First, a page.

Animal health regime is put to the test by sheep imports

Sheep importers are being urged to continue taking steps to protect Shetland’s high health status.

Around three times as many female sheep are now estimated to be imported compared with a decade ago – increasing the risk of diseases being introduced to the Shetland flock.

The Shetland Animal Health Scheme is funded by the Shetland Islands Council and manages a programme of sheep and cattle testing to ensure Shetland’s high health status.

Testing regimes to identify and quarantine animals on entry have so far prevented the spread of infectious diseases.

The hike in imported sheep has led to an increase in positive tests, however – which has put pressure on the testing programme.

The council is now asking sheep farmers to take steps to help reduce the risk of introducing infectious disease to the Shetland flock:

• Import the minimal number of sheep needed, particularly female sheep. Support local breeders if possible.

• Source the lowest risk animals possible for Caseous lymphadenitis (CLA), MV and EAE.

• Plan ahead for isolation requirements. Import sheep at least 21 days before they are needed for tupping.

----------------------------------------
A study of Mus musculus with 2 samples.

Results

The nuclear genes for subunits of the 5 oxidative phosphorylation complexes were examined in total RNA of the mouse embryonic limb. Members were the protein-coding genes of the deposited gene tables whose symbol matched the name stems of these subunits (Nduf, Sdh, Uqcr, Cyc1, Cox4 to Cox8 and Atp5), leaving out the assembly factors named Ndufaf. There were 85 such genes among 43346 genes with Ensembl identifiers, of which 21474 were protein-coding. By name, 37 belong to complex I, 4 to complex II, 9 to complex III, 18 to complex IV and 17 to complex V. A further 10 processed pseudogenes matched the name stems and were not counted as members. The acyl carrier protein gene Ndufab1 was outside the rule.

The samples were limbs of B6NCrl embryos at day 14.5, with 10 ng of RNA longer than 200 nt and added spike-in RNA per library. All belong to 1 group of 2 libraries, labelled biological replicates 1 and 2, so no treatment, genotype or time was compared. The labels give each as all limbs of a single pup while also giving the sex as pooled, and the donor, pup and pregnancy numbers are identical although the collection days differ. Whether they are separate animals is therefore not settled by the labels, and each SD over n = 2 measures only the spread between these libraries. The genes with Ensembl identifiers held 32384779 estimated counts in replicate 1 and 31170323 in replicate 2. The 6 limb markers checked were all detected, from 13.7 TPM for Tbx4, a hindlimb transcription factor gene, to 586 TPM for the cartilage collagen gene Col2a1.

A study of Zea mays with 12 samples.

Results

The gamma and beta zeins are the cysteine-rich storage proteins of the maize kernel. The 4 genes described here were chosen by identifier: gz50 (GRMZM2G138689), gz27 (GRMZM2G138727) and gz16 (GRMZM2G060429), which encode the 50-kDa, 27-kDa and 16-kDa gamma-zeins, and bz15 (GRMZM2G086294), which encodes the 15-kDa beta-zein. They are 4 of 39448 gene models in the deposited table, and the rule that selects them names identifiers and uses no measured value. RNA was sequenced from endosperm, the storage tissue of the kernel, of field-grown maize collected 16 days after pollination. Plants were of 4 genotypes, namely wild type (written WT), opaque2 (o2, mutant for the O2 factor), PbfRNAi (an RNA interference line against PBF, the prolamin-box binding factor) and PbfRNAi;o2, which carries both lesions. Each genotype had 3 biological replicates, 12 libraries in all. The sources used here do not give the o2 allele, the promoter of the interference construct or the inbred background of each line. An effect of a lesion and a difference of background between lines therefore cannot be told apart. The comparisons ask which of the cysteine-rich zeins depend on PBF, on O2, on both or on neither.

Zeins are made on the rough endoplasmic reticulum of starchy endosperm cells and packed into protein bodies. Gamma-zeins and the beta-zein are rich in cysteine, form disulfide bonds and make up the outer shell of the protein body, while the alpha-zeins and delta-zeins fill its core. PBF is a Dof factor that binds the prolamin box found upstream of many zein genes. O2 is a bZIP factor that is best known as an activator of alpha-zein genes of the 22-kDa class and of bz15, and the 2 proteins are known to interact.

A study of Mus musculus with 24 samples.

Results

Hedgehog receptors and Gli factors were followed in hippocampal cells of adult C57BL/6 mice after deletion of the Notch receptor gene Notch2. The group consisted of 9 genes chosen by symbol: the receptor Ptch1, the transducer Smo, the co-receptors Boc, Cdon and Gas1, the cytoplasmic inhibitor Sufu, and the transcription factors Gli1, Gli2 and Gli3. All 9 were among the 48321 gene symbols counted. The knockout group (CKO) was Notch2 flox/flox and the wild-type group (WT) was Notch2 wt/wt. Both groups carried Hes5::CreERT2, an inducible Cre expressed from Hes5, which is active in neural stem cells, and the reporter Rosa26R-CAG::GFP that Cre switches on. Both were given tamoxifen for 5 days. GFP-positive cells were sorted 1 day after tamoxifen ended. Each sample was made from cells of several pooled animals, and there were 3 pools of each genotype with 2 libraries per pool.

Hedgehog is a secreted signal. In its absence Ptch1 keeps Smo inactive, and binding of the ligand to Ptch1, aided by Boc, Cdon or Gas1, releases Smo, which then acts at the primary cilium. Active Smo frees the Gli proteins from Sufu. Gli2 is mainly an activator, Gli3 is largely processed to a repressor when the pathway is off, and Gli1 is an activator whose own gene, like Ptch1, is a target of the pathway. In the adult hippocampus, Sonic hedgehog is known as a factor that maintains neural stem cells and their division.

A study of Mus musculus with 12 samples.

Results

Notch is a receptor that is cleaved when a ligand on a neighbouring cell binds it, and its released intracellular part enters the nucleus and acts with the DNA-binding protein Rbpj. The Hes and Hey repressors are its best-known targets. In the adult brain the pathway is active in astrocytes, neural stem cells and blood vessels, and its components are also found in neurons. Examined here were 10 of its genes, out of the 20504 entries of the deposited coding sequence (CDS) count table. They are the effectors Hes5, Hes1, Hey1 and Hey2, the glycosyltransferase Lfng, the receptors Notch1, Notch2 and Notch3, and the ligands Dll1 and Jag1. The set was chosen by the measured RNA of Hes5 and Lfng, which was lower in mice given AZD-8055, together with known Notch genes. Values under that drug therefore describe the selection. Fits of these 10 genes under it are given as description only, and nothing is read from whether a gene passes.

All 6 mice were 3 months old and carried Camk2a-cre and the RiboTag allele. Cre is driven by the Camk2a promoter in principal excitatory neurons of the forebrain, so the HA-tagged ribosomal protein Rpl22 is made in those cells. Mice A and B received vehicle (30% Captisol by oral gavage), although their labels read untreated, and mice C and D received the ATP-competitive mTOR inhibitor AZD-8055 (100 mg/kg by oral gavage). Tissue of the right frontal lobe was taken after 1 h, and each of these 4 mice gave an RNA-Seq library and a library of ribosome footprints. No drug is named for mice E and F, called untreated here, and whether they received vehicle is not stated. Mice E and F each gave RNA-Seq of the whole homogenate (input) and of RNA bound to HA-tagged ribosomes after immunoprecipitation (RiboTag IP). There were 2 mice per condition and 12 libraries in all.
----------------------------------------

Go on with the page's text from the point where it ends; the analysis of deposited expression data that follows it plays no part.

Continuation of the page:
• If importing female sheep, plan to lamb them before your main flock and allow time to clean and disinfect lambing areas before your main flock lambs.

• Think about re-testing. Sheep are re-tested through the Shetland scheme for MV and CLA, six months after importation and females for EAE after their first lambing in Shetland. Not all infections can be identified at the pier.

• A private test for CLA is advised six weeks after import or after tupping to enable infected animals to be quickly identified.

• Examine imported sheep regularly for signs of disease and call the vet to investigate. Look out for signs of itchiness, abscesses around the neck and jaw, unexplained weight loss, pneumonia or lameness.


Add Your Comment

Add Your Comment

Please note, it is the policy of The Shetland Times to publish comments and letters from named individuals only. Both forename and surname are required.

Comments are moderated. Contributors must observe normal standards of decency and tolerance for the opinions of others.

The views expressed are those of contributors and not of The Shetland Times.

The Shetland Times reserves the right to decline or remove any contribution without notice or stating reason.

Comments are limited to 200 words but please email longer articles or letters to for consideration and include a daytime telephone number and your address. If emailing information in confidence please put "Not for publication" in both the subject line and at the top of the main message.

200 words left

This site uses Akismet to reduce spam. Learn how your comment data is processed.


Get Latest News in Your Inbox

Join the The Shetland Times mailing list to get one daily email update at midday on what's happening in Shetland.